This review contains spoilers.
Roanoke girls never last long around here. In the end, we either run or we die.
After her mother’s suicide, fifteen year-old Lane Roanoke came to live with her grandparents and fireball cousin, Allegra, on their vast estate in rural Kansas. Lane knew little of her mother’s mysterious family, but she quickly embraced life as one of the rich and beautiful Roanoke girls. But when she discovered the dark truth at the heart of the family, she ran fast and far away.
Eleven years later, Lane is adrift in Los Angeles when her grandfather calls to tell her Allegra has gone missing. Did she run too? Or something worse? Unable to resist his pleas, Lane returns to help search, and to ease her guilt at having left Allegra behind. Her homecoming may mean a second chance with the boyfriend whose heart she broke that long ago summer. But it also means facing the devastating secret that made her flee, one she may not be strong enough to run from again.
As it weaves between Lane’s first Roanoke summer and her return, The Roanoke Girls shocks and tantalizes, twisting its way through revelation after mesmerizing revelation, exploring the secrets families keep and the fierce and terrible love that both binds them together and rips them apart.
Wow, this review has taken longer than I expected to get around to – mostly because of my hospital stay and subsequent recovery from acute pancreatitis. Needless to say, but I’m mostly back to normal and I hope to be resuming my reviews more regularly. Also, this will be my final review for Blogging for Books, as the site will be closing down next month. Now, onto the important stuff!
Will someone please tell me what the fuck I read? I know, that’s kinda vulgar for my reviews, but this book is beyond fucked. The only thing original about The Roanoke Girls by Amy Engel is its plot, which boldly goes where no book I’ve ever read has gone before.
The Roanoke Girls lacks original characters, which is the first of my many complaints regarding this book. Everyone is beautiful and perfect, and the one person that isn’t is described as a meth-head (which I find to be an insult to the average Janes and Joes out there). There’s not a single character, aside from the aforementioned meth-head, that isn’t a Mary Sue appearance wise. And the main character? There’s not a single thing likable about her. She’s a bitch to everyone around her, and yet somehow she still has guys fawning all over her. This is not realistic, folks.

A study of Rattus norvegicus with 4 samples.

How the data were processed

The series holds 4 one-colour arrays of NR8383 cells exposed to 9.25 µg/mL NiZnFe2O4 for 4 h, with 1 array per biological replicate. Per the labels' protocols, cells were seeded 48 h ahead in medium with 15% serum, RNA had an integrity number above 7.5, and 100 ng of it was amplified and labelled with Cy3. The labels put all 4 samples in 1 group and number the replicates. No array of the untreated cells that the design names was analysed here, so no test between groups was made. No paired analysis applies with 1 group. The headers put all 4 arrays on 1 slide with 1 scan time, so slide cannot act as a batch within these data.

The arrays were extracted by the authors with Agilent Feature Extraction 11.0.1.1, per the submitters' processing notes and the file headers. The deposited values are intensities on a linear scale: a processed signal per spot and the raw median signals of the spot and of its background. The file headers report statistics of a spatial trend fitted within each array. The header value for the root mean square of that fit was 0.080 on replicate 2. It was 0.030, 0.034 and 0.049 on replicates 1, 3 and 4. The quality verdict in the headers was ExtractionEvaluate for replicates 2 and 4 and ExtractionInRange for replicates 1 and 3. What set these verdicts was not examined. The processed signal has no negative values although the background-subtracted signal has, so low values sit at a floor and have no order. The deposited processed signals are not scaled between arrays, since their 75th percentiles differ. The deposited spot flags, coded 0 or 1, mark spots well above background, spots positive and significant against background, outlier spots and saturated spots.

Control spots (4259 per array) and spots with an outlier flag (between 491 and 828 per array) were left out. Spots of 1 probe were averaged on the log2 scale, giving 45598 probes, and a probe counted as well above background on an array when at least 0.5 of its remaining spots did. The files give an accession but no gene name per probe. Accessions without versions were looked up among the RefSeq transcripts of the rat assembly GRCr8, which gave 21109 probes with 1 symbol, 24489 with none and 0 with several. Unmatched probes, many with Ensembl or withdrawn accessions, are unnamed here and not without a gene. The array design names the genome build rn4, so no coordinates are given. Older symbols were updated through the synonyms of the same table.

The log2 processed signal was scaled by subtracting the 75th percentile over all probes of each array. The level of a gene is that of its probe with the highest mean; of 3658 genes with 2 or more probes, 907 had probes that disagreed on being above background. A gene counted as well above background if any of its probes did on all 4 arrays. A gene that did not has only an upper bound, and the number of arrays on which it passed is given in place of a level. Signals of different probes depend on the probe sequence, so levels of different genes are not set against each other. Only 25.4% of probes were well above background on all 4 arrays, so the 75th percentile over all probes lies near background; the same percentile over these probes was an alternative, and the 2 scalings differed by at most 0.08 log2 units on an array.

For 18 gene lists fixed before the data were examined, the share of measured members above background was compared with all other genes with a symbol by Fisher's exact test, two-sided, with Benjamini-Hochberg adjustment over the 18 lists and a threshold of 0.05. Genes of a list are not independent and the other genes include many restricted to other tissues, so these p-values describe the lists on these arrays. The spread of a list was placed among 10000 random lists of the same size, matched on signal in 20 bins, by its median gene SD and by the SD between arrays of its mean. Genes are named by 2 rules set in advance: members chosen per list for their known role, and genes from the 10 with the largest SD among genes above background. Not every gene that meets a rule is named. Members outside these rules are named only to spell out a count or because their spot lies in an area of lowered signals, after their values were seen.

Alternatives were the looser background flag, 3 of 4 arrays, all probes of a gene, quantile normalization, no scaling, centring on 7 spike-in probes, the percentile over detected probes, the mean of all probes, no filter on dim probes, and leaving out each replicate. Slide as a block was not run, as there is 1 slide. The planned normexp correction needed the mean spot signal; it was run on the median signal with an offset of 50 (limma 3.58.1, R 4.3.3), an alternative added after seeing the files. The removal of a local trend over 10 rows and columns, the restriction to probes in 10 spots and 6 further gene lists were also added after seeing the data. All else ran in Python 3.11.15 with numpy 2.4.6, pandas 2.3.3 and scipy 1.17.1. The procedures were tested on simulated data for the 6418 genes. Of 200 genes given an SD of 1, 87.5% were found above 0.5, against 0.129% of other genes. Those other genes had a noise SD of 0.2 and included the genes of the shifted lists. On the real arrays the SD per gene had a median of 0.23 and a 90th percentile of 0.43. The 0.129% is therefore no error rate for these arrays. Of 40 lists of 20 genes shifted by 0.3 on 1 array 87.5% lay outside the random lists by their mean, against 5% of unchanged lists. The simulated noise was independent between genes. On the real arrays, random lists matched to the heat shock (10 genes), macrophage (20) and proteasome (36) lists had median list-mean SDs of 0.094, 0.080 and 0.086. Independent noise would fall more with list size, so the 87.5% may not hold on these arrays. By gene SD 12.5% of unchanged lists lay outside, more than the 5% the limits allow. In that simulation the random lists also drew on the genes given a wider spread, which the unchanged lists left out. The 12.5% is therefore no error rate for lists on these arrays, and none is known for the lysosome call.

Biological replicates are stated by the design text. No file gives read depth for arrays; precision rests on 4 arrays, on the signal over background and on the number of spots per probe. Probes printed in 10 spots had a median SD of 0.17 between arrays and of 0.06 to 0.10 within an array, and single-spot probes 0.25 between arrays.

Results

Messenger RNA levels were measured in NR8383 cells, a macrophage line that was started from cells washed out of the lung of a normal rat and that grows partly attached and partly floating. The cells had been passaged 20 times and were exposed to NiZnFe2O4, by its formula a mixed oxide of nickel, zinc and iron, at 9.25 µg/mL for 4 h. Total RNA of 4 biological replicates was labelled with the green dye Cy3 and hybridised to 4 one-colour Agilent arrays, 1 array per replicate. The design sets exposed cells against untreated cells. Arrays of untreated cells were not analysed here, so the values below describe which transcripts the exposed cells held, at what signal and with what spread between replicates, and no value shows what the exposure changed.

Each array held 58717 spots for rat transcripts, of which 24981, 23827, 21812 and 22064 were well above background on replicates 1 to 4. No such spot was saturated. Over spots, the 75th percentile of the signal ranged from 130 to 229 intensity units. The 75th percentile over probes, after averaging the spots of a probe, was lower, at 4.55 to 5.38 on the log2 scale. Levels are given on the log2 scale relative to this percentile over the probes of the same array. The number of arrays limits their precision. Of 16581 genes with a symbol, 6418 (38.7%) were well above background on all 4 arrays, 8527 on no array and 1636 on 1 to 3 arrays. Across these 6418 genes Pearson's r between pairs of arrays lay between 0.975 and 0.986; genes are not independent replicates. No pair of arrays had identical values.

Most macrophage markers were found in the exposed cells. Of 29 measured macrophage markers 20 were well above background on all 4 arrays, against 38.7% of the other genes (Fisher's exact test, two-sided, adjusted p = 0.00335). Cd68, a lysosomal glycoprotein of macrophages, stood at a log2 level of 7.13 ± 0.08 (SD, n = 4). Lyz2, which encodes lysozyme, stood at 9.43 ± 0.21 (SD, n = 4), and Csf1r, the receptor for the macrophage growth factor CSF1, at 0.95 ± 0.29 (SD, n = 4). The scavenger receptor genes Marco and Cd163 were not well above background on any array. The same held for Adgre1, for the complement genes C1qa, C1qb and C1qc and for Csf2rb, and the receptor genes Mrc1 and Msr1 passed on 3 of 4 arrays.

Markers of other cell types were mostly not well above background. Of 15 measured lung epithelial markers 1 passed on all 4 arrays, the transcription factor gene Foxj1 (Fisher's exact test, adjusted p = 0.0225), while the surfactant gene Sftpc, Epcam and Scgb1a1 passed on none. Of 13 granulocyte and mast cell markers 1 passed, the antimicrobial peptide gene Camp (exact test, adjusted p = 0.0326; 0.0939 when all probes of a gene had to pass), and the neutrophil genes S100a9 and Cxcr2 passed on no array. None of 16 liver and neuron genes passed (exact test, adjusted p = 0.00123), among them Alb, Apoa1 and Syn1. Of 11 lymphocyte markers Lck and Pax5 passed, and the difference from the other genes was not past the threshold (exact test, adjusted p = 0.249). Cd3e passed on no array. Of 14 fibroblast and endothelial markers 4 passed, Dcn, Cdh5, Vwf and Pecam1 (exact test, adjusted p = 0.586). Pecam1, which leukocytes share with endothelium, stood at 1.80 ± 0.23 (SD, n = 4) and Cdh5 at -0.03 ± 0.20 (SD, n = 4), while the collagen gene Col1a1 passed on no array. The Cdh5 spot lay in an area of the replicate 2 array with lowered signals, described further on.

Plot? Do you really want to get me started on that? First, let’s take a moment to discuss the fact that this book hops all over the place. One moment it is present, the next it is past, and after that, it’s some random character of little importance – just so we can learn how they died and why. Because, y’know, there’s something wrong with the fact they are all sleeping with their grandfather/brother/father/uncle/etc. Yes, I just gave a major spoiler away, but hey! I warned y’all. The only thing about this book that isn’t overly done is the fact that its main subject is INCEST. Yates Roanoke has a thing for every single woman in his family. And somehow, for some god awful reason, all these girls (save one) think it is absolutely okay/are heartbroken when things don’t quite work out.
Furthermore, all that jumping around? It’s done intentionally to drive the story forward because a straightforward account is sooo extremely drab and boring in this book that it has to jump. It has to give cliffhangers of some sort, and then make you wait another chapter or two, because otherwise it would simply drag on.
I would not recommend The Roanoke Girls to anyone. I did receive a review copy of this book free of charge and this has been my unbiased opinion. Thanks to Blogging for Books for the novel.